Despite some contradictory reports, there is still a growing chance that the UAE will agree to a quota increase. The UAE is pushing for an increase in the baseline production level in 2022 from 3.17m b/d to 3.65m b/d. This level is used as a reference point for the cartel’s quota allocation, so raising it would allow the UAE to produce more crude.
The market fears that production will increase by 0.5M BPD but that others will follow. Already today, Iraq has announced that it intends to seek a quota increase for itself. There is no doubt that this is just the beginning.
Separately, Saudi Arabia is reducing its voluntary production cuts, which it resorted to earlier this year to support prices.
With indirect ways, the cartel is ramping up production and will do so further, shifting the focus from maximising price to maximising revenues. OPEC has no other choice.
After a period of stagnant production near 11M BPD for the previous 12 months, the US has started to ramp it up. Figures published yesterday for last week showed a rise to 11.4M.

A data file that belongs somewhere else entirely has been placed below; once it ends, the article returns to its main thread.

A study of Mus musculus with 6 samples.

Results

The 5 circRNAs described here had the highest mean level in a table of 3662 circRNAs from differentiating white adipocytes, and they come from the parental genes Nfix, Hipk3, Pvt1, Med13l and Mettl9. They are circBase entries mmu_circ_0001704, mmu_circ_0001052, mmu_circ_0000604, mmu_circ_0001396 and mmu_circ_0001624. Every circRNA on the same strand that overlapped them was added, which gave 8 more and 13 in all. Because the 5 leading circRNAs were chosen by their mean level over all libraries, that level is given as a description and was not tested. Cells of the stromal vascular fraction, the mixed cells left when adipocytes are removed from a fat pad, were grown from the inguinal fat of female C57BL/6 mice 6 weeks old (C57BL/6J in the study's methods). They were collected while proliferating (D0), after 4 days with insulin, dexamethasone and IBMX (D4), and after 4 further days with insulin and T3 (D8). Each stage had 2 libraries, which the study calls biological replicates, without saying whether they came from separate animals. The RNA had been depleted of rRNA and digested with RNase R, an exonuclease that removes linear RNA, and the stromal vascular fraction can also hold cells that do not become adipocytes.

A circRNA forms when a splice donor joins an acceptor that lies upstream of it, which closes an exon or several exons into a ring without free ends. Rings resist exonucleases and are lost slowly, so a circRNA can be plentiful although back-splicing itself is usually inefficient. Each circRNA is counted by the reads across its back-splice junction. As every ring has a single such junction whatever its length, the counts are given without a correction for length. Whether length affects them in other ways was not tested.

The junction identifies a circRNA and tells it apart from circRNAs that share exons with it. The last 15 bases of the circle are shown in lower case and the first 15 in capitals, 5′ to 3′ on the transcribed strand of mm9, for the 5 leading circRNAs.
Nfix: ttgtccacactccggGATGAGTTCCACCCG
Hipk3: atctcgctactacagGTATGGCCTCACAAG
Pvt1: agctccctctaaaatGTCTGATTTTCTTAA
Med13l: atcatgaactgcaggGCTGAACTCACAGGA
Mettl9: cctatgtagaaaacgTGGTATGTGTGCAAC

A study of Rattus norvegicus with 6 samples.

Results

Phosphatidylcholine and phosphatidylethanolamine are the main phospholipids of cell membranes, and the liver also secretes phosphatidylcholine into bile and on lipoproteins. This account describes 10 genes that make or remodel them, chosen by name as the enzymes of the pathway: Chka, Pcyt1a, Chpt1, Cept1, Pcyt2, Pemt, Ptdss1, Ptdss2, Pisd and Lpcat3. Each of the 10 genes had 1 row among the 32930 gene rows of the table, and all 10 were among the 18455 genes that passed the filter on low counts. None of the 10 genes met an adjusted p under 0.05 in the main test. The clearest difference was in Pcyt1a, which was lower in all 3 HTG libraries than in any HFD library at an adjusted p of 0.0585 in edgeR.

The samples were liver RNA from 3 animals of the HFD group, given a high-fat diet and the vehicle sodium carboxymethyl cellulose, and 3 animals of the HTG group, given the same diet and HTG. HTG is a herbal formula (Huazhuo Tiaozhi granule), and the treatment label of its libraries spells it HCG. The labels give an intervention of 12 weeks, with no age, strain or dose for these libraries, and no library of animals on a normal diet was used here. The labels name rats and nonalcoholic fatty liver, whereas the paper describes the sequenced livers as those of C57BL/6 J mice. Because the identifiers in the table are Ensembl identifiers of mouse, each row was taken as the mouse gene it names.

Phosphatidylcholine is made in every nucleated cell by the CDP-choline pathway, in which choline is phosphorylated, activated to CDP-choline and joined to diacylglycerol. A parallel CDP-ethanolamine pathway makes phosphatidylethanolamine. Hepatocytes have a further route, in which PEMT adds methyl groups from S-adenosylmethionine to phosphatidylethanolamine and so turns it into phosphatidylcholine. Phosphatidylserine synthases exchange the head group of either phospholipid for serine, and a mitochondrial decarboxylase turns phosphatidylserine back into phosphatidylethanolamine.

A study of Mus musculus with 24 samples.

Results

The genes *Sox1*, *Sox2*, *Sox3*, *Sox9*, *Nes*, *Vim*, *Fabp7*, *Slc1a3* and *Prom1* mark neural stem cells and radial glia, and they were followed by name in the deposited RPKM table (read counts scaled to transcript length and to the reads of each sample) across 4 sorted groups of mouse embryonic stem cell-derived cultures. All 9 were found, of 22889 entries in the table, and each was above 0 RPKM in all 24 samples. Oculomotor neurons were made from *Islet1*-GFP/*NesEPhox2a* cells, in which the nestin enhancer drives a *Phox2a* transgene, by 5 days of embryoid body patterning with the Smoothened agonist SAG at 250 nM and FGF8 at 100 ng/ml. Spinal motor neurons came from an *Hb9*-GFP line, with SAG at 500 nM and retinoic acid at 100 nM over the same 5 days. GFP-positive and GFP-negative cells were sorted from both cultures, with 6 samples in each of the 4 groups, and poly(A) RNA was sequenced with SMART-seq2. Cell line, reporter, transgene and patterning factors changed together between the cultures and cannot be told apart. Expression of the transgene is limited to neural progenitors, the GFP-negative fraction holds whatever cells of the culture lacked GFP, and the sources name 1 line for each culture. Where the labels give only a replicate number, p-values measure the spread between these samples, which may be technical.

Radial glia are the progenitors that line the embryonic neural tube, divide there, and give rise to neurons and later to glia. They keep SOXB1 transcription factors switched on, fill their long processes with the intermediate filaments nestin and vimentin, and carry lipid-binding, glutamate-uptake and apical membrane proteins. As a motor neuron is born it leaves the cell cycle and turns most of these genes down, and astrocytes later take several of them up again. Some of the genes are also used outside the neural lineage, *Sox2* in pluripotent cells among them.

At this stage, US production growth has not kept pace with the recovery in demand, and commercial inventories continue to fall. This decline in stocks is temporary as the US has vast potential to ramp up production, which was as high as 13.4M before the pandemic hit.
A look at the oil chart from a technical analysis perspective suggests that the bullish momentum from early July is wearing off, with new highs in price accompanied by lower RSI highs.
We will get a stronger signal to downside trend reverse after a break below the 50-day average, which now passes through $71.50 per barrel Brent. Without this confirmation, the bullish trend in oil persists, and the slippage and consolidation could only be a prologue for new growth momentum, as was the case in March and May.